Where I work teachers are required to implement technologies into the classroom in a meaningful way; it is considered part of our professional responsibility. As with most things there is a wide gap of knowledge and experience regarding technology within the 65 plus teachers at my school. My passion for technology seems to have only increased as the year has progressed and for the most part, as I reflect, I am happy with the growth we've made this year. However, sometimes I struggle with how much I want to accomplish and how to get there.
Our journey began early this year when our Technology Committee (TC) decided they wanted to step back, clearly define its working agreements, beliefs and its purpose and dedicate the year to building capacity in order to support our staff.
1. Agenda sent out in advance.
2. Honor and respect each other's time i.e. do not engage in time wasting behavior e.g. unnecessary cell phone, cross talk, off topic, consistently late.
3. Use the seven norms: Pausing, Paraphrasing, Posing Questions, Putting ideas on the table, Providing data, Paying attention to self and others, Presuming positive intentions.
In order for technology to be a powerful tool/resource, it must be student centered, authentic, integrated seamlessly and accessed equitably.
When this occurs, technology will transform teaching and learning.
Because technology is ever changing, it requires ongoing support to empower users and continuous digital citizenship education.
- Building capacity to empower and support staff and students.
- Advise in the acquisition and implementation of technologies and school wide policies/procedures.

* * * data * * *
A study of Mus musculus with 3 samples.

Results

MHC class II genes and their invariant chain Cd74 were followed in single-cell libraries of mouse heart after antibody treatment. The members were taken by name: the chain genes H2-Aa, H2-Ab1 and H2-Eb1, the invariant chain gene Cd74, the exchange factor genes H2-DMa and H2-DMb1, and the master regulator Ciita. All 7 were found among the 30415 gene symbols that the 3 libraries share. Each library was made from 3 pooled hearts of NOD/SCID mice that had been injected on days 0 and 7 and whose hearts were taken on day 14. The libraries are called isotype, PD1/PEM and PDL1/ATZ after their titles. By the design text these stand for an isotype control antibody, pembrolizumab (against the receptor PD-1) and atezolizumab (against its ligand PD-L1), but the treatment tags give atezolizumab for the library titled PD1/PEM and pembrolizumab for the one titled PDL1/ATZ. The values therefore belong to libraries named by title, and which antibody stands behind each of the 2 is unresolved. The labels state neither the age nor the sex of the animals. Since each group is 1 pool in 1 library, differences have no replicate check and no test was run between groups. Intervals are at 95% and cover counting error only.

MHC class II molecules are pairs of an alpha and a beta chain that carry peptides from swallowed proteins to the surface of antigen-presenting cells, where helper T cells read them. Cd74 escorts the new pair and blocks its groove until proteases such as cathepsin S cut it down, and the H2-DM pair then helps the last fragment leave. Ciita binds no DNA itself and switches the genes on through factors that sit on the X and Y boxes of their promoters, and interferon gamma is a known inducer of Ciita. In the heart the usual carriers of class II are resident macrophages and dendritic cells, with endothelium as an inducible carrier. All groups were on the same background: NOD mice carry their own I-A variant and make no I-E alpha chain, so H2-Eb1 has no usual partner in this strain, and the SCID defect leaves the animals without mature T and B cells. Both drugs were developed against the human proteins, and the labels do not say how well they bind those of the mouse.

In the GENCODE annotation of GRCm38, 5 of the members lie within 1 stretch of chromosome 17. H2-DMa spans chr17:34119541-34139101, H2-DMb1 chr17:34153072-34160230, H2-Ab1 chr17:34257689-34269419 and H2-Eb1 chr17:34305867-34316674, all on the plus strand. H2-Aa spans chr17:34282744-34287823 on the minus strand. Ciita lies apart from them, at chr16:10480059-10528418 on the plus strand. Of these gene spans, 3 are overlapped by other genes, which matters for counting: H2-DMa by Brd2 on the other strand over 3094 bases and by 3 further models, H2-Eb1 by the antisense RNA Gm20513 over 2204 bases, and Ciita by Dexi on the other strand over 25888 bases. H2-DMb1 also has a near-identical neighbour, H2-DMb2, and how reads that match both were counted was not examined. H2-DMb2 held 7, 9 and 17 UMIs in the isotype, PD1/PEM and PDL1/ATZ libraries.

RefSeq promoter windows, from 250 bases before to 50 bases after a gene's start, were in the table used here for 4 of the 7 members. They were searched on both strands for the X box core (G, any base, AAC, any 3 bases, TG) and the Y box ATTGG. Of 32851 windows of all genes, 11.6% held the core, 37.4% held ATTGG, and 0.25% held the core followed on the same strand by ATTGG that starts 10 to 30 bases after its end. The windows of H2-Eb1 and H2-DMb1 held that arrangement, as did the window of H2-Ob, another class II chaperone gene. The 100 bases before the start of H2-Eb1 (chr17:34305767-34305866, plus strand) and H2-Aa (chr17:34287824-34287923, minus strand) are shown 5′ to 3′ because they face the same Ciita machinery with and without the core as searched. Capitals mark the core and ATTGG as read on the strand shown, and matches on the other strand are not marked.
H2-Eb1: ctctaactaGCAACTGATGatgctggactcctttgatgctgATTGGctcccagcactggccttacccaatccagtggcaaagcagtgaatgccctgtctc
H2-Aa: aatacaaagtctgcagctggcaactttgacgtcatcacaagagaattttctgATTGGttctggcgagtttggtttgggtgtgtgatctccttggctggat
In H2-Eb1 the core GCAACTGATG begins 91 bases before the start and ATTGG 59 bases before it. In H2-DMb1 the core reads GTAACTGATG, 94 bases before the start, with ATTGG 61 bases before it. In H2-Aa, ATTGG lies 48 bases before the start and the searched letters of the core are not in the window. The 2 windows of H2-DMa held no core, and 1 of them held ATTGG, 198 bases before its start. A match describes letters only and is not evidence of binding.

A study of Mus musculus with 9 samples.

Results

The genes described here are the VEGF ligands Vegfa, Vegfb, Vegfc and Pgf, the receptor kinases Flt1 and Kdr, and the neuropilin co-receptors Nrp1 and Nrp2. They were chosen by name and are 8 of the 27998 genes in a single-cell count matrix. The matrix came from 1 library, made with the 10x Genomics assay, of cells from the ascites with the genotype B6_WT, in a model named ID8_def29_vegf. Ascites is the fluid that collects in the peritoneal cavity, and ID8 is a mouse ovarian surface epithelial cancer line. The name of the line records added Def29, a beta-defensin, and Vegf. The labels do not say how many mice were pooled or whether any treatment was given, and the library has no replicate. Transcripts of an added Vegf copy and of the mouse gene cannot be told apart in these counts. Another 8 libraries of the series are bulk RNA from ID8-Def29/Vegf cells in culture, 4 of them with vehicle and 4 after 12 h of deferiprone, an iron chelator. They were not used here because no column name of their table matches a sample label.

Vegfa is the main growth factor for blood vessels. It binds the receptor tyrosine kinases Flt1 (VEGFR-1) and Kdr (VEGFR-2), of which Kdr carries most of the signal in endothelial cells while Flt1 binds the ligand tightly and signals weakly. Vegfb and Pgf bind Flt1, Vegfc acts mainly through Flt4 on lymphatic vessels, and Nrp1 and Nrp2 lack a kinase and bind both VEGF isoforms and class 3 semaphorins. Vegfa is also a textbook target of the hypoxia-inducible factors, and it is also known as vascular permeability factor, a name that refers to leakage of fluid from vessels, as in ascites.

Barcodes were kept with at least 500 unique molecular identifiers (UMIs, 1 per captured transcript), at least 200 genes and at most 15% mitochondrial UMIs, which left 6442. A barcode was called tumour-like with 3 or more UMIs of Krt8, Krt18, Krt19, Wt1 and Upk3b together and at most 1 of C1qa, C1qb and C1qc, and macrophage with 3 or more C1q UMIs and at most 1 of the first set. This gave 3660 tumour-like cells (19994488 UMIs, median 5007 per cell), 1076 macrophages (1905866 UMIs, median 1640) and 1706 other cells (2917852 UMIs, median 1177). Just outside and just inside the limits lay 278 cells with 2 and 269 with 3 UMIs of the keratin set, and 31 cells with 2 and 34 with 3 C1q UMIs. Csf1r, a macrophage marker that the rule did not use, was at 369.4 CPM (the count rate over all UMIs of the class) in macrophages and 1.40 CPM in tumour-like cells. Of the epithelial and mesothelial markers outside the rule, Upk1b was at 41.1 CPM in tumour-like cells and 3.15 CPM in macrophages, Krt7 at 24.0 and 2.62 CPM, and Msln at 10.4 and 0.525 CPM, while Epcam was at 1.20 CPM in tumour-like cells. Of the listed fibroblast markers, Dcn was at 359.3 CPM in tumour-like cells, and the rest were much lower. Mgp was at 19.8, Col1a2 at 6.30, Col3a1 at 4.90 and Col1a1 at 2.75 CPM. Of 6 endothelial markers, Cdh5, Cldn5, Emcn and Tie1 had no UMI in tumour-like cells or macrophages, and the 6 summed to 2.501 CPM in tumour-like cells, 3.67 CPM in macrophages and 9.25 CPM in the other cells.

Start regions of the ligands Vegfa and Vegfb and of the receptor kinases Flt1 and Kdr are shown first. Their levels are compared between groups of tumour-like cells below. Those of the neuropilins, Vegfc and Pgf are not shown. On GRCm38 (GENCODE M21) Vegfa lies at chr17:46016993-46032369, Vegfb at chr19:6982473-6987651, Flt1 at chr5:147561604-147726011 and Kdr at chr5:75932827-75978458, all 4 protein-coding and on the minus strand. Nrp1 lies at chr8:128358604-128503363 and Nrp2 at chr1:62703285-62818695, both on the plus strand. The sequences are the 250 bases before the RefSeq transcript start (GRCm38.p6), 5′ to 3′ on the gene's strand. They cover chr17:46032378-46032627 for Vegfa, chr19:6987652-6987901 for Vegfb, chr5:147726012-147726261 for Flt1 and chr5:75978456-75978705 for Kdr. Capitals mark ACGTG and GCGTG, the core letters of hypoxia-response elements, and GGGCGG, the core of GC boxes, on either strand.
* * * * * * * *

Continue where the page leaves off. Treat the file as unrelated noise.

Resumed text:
At the same time our school was selected to participate in a Chromebook (CB) pilot project that would see nearly 200 grade seven students and their teachers be loaned a CB for the school year. There was a lot (and will be) significant crossover between the Tech Committee and Chromebook pilot committee, both in membership and purpose. Grade seven is the entry point to our school and the project will grow each year and involve more students and teachers. Next year will see nearly 400 students and their teachers in grade seven and eight as part of the pilot. In many ways the students are helping to push the need for teachers to build capacity and the committees are providing the supports and advice along the way.
We have tried to offer capacity building for teachers with mixed success. Our Teacher Librarian has an open door for teachers to ask for support or to help develop lessons integrating technology, she has also offered lunch and after school sessions. We have tried to create weekend cohorts, but with the exception of our already “advanced” TC members, we have had limited interest.
Our most successful PD in technology occurs when we integrate it into the day. We try to influence technology usage by integrating it into our staff meetings. All staff members are to bring a device to every meeting and at some point they need to use it in some way. At recent meetings we used Screencastify to present information and then a QR code linked to a google form for a survey for teachers to fill out. Another day the CB pilot committee developed critical thinking challenges for grade seven students to free up time for teachers to learn, plan and experiment with technology. We are planning an annual “technology fair” where teacher experts will offer a variety of sessions during one of our school-based professional development days. Our Learning Commons (which is accessed by 100’s of students a day) needs to be booked by filling out a Google form. Most information from the office including agendas and reports are increasingly being “shared” instead of being “sent” or “attached.”
A year ago some teachers were amazed when they saw me edit a Google doc live as someone else was adding to it or had never been able to sign into their Google account. I sometimes need to remember the growth of our staff and celebrate that instead of being consumed with pushing where I want to go.